A genealogy of the Lake family of Great Egg Harbour in Old Gloucester County in New Jersey : descended from John Lade of Gravesend, Long Island; with notes on the Gravesend and Staten Island branches of the family. This volume of nearly 400 pages includes a coat-of-arms in colors, two charts, and nearly fifty full page illustrations – portraits, old homes, samplers, etc. The coat-of-arms shown in the frontspiece is an unusually good example of the heraldic art!
In 1940 and 1943, a survey of everyone who had lived in Washington County, Idaho continuously for 50 years or more, was made by the Weiser American. These pioneer residents were especially honored at the Fall Festival held in the fall of both years. So far as is known, the list compiled by the survey is complete and perhaps the only record of its kind in existence.
Jacob Farrand Pringle, Judge of the County Court, was born in the City of Valenciennes, France, June 27, 1816. His father, James Pringle, was a Lowland Scotchman, of the Torsonce Pringles; was born near Edinburgh, and was an officer in the British army; his mother, before her marriage, was Ann M. Anderson. In 1817, when Jacob was little more than one year old, the family came to Canada, settling near Cornwall, the father serving as Clerk of the Peace for the United Counties of Dundas, Stormont and Glengarry, for a long period. Jacob received an English and classical education; in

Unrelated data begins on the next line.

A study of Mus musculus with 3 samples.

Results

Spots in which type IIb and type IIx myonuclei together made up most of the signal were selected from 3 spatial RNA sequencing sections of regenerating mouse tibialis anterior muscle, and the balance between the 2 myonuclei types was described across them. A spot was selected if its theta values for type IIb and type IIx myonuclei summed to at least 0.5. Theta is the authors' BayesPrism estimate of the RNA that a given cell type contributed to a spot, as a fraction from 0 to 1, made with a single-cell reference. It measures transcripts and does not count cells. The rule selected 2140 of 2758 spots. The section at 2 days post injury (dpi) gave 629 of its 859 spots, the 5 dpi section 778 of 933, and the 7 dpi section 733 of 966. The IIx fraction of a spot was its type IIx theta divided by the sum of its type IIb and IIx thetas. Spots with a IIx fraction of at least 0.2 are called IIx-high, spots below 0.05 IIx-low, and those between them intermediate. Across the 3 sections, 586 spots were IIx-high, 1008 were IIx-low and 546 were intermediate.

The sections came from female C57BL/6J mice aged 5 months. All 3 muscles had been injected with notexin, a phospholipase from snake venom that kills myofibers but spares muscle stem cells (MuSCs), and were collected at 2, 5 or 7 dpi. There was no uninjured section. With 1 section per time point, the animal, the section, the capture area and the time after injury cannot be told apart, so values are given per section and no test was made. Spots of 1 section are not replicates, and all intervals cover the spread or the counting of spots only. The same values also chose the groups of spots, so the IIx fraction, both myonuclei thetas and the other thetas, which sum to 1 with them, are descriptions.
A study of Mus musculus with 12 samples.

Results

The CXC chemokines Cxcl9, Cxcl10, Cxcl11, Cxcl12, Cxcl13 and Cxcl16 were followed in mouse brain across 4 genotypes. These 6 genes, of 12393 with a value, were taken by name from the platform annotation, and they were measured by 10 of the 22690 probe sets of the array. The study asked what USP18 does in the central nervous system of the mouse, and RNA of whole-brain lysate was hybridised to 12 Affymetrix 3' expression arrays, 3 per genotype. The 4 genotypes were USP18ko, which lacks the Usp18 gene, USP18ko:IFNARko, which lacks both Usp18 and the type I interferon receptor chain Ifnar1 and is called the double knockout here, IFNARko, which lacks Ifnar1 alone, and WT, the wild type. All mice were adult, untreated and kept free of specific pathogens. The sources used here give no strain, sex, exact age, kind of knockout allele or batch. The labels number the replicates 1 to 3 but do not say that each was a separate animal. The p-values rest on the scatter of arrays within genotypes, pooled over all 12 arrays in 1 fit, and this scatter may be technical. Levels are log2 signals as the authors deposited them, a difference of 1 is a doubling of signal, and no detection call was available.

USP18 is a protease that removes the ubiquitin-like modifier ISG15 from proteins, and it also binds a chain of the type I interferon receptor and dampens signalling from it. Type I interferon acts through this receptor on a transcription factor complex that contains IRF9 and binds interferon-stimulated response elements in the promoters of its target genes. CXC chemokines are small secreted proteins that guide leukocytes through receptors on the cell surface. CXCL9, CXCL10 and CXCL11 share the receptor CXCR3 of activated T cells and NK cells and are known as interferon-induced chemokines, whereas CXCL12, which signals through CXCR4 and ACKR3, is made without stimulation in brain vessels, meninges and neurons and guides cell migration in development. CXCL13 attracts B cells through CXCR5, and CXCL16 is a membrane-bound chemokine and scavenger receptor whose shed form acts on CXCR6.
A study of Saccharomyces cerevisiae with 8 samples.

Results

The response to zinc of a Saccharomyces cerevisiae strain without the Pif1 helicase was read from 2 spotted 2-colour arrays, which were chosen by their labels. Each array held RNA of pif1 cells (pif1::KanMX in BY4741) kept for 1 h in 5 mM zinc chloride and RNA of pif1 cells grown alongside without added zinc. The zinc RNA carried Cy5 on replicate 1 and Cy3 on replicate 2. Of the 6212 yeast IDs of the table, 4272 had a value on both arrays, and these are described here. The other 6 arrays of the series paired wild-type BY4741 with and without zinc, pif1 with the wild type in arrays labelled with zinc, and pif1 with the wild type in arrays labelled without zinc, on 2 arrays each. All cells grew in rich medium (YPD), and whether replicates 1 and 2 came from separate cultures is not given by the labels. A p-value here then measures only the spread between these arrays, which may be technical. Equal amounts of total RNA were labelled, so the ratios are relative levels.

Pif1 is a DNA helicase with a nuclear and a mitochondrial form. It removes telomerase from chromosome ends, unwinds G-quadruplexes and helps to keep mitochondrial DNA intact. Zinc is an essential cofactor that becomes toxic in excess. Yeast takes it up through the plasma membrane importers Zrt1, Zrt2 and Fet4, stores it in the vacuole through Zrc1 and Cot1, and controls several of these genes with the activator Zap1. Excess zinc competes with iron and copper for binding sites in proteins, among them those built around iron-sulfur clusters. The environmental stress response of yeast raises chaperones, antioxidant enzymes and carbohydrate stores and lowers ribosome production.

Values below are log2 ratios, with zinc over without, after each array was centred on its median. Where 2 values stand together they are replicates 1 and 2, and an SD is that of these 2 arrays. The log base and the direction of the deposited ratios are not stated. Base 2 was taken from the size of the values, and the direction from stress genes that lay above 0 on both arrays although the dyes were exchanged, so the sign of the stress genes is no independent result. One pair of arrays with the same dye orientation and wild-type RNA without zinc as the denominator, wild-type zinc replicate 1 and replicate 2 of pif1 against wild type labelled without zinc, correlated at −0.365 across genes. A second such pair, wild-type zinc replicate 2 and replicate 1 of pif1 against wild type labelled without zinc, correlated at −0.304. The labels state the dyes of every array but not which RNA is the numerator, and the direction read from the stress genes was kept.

Norman Pringle, of Connecticut, settled in Warren County in 1819. He was a very intelligent man, and was frequently solicited to run for office, but always refused, because he had so great a dislike for politics. He married Sally Kellogg, by whom he had nine children Jane, Judith, Helen, Harriet, Huldah IL, Virgil, Mark, Norman O., and Charles W. All of the children except Mark (who died a bachelor) married, and most of them live in Warren County.